Punch Yo Mama Kentucky Apple Pie – Take One

“Bourbon Bacon Molasses Apple Pie”.

Until today, nothing would come up in a search engine with those five beautiful words strung together.

Now, this is not a healthy pie.  Nor a medicinal pie, except in that it may have magical qualities when trying to lure lovers or tame unruly children.  It blends those delirious tongue-teasers of savory and sweet, the unsuspected crunch of candied bacon embedded in folds of apples both sweet and tart.  A blend of spicy and soothing cinnamon and a dash of fresh nutmeg fuse them together and they sleep contented in a flaky, free-0f-the-demon-gluten crust.  This pie is work, but so worth it.

In making this recipe I combined techniques I’d learned from other kitchen explorations – par-baking apples, candying bacon, blending healthy flours for a gluten-free crust – and am very pleased with the first incarnation.  But this recipe still has further to go; it’s delicious on day one but the bacon sags into an unappetizing texture if you keep eating it on successive days (but if it’s more than you and a roommate trying to wipe it out of existence and you can eat it in one go, bake on).  The bourbon gives a delightfully oak-y slight to the senses, but hasn’t packed a wallop yet.

If you’re looking for a comforting, complex apple pie recipe with a twist, check this recipe out.  It’s fuller-bodied than your traditional American pie, and the flavors round themselves out very well.

This recipe requires three steps: 1. Candying bacon. 2. Preparing your apples. 3. Preparing and filling crust.  Refer to my BAKING BASICS posts for recipes on both filling and a variety of pie crusts.

Ingredients:

  • 3 tablespoons GOOD Kentucky bourbon (I used Blantons, one of my favorites)
  • 3 tablespoons organic blackstrap molasses
  • 1/2 cup light brown sugar plus more as desired
  • six strips very thin bacon (from a butcher)
  • About 18 apples, prepared (CLICK HERE for page on apple pie filling)
  • Unbaked pie crust, enough for bottom and top.

Directions: Bourbon Blackstrap Bacon

  • Preheat oven to 350 degrees.
  • Lay a baking rack over a cookie sheet with high rims and spray the rack with non-stick cooking spray.
  • Heat small saucepan over medium/low heat.  Once hot, pour in 2 tablespoons bourbon and heat until it just gets bubbly.
  • Add 2 tablespoons molasses and stir with spatula until the mixture starts to bubble and expand.
  • Add 1/2 cup light brown sugar, mixing in, and bring to heat until the mixture expands again.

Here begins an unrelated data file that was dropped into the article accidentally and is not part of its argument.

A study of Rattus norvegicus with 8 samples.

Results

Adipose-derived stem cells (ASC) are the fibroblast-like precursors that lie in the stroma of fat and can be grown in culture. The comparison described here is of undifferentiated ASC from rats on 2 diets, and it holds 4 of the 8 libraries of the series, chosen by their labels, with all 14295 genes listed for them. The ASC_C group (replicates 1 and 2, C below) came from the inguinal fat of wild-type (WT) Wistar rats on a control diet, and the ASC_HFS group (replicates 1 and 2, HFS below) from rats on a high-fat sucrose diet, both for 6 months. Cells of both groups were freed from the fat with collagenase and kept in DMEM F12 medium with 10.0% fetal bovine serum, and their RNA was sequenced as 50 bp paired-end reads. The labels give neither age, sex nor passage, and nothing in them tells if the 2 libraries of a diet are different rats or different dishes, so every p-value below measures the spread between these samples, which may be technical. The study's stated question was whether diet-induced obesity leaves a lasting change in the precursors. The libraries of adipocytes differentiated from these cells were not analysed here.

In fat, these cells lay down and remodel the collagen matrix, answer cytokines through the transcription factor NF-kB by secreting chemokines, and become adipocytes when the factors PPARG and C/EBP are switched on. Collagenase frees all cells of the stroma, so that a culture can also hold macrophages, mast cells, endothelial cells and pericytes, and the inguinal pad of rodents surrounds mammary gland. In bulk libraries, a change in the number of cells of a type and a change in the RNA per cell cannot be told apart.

• Turn off heat and let cool slightly.
  • Prepare to get sticky: using your hands, rub each piece of bacon in the bourbon mixture until coated.  By the 3rd or 4th piece the sugar mixture will be cooling and drying out a bit – don’t worry! Just drudge it as much as you can to coat the bacon.
  • Coat entirely with extra brown sugar until completely covered.
  • Lay on sprayed rack and bake in preheated oven for approximately 30 minutes, or until bacon is crispy.  Set aside and cool completely.

Directions: Apple Filling. On EACH tray sprinkle:

  • For this recipe, I used 2 kinds of cinnamon, 1 very spicy and one mild and sweet. I love cinnamon, so I used 2 tsps. of each.  Vary this to your tastes.
  • Sprinkle on each trap 1/4 tsp of ground cloves and 1 tablespoon sugar, preferably something light like palm sugar over regular white sugar.
  • Toss the apples thoroughly.
  • Bake in the oven for 10-15 minutes or until the apples are slightly softened.
  • Remove from heat and let cool.

Directions:  Let’s Fill This Thing

  • Use a deep-dish 9″ pie plate (my favorite pie dish is my Emile Henry 9″. It’s wonderfully deep and the ceramic bakes to perfection) and fill it with your bottom crust.
  • Layer the apples in and pack them tightly – the apple should be piled into a very hefty dome.
  • In a small dish, combine remaining tablespoon bourbon and molasses, and drizzle completely over the top of the apples.
  • Place second crust on top, and pinch to close.
  • Bake at 350 degrees for approximately 45 minutes, covering the edges halfway through baking so they don’t burn.

This pie is best eaten the same day it’s made, but should be cooled completely before cutting if using a gluten-free crust (they crumble very easily).